Four days after Tropical Storm Irene made landfall on Long Island, about 190,000 customers still remain without power in Nassau and Suffolk counties, the Long Island Power Authority said.
That's still nearly 16 percent of the total, LIPA said. The Hicksville, N.Y.-based utility also revised slightly downward its estimate of customers affected by Irene to 523,000 from a previous 571,000.
LIPA provides electricity to virtually all of Long Island, save for several villages like Freeport, Greenport and Rockville Centre with municipal power plants.
Irene left behind a level of damage that we have not seen on Long Island in almost 30 years, the public utility said. LIPA was created by New York after the former Long Island Lighting Co. collapsed after constructing the never-opened Shoreham nuclear facility in Suffolk County.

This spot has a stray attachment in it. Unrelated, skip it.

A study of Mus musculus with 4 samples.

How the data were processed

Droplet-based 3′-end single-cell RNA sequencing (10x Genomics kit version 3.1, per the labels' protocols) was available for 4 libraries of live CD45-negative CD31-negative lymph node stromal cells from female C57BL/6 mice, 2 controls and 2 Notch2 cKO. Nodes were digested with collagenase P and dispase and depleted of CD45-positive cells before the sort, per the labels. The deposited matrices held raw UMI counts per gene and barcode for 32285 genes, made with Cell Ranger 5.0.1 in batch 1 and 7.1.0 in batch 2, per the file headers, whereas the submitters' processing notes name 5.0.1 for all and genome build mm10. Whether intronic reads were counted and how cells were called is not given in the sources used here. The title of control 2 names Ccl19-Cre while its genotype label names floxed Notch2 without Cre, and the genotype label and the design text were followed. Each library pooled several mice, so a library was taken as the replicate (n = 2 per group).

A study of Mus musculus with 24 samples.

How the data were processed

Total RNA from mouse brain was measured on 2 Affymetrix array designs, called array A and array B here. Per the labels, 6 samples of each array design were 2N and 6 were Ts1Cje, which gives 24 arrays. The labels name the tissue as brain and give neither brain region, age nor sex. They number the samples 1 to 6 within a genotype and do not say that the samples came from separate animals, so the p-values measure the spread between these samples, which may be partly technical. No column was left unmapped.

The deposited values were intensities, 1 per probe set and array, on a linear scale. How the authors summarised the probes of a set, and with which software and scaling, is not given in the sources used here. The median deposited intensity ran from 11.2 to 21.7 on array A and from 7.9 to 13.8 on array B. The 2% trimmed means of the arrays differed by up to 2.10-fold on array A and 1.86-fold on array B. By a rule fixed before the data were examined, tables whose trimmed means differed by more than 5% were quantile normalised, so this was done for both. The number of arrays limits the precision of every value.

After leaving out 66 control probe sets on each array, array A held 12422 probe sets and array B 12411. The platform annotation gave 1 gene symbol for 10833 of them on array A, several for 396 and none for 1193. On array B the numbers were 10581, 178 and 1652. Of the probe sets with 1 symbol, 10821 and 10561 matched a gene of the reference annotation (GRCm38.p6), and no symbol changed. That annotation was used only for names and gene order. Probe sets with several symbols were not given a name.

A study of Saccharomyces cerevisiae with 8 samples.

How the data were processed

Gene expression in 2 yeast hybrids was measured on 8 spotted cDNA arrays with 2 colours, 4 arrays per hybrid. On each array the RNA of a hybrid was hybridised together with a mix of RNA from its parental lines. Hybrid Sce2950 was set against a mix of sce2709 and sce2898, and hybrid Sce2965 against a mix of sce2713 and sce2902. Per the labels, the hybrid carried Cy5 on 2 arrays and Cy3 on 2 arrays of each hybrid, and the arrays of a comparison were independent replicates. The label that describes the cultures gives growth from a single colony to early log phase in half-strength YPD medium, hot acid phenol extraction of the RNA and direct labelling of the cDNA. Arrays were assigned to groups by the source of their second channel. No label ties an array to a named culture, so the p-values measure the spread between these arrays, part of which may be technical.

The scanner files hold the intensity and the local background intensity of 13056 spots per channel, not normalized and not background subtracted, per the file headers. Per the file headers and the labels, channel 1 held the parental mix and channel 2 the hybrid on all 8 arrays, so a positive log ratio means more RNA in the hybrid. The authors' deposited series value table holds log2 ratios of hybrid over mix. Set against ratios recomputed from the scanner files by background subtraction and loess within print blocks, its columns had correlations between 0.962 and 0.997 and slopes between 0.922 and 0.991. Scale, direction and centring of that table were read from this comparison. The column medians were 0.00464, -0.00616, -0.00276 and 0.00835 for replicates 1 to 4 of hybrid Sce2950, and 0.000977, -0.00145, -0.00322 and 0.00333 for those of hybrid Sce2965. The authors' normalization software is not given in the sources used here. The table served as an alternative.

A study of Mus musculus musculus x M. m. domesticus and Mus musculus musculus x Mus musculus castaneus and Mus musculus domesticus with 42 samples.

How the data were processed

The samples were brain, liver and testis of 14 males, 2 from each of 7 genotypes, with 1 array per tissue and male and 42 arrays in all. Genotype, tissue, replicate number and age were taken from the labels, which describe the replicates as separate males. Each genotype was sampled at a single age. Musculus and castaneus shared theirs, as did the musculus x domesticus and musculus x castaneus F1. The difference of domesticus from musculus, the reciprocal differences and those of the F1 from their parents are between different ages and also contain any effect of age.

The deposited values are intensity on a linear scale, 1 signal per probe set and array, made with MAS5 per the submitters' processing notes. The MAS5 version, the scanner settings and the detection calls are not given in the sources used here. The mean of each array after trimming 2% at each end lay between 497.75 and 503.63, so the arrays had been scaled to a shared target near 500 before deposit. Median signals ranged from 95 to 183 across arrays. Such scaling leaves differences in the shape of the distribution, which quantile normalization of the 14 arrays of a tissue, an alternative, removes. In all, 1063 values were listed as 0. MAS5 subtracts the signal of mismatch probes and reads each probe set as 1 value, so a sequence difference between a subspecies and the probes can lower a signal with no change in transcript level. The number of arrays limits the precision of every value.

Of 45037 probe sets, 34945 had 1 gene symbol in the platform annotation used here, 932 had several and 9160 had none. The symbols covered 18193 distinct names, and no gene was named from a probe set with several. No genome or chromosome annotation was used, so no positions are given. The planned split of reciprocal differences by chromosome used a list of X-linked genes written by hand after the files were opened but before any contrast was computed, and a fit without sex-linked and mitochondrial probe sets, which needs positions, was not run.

LIPA worked closely with the Long Island Rail Road, which said it expected to run full service Wednesday, even to Long Beach, where the station was underwater, along with the Island Park station on the same line.
Service won't be restored on the Montauk Branch east of Speonk and east of Ronkomkoma, the railroad said. As well, various power failures could mean automatic ticketing machines won't work.
Public officials said they continued to deal with fallen trees, park damage and other issues caused by Irene. Town of North Hempstead Supervisor Jon Kaiman delivered a telephone message to residents in his Nassau County town promising to get power and services back to normal.
I understand how frustrating It is to be without power, Kaiman said. Power service has been largely restored to Great Neck, where Kaiman resides, including to areas including the main library. Other sections remain dark.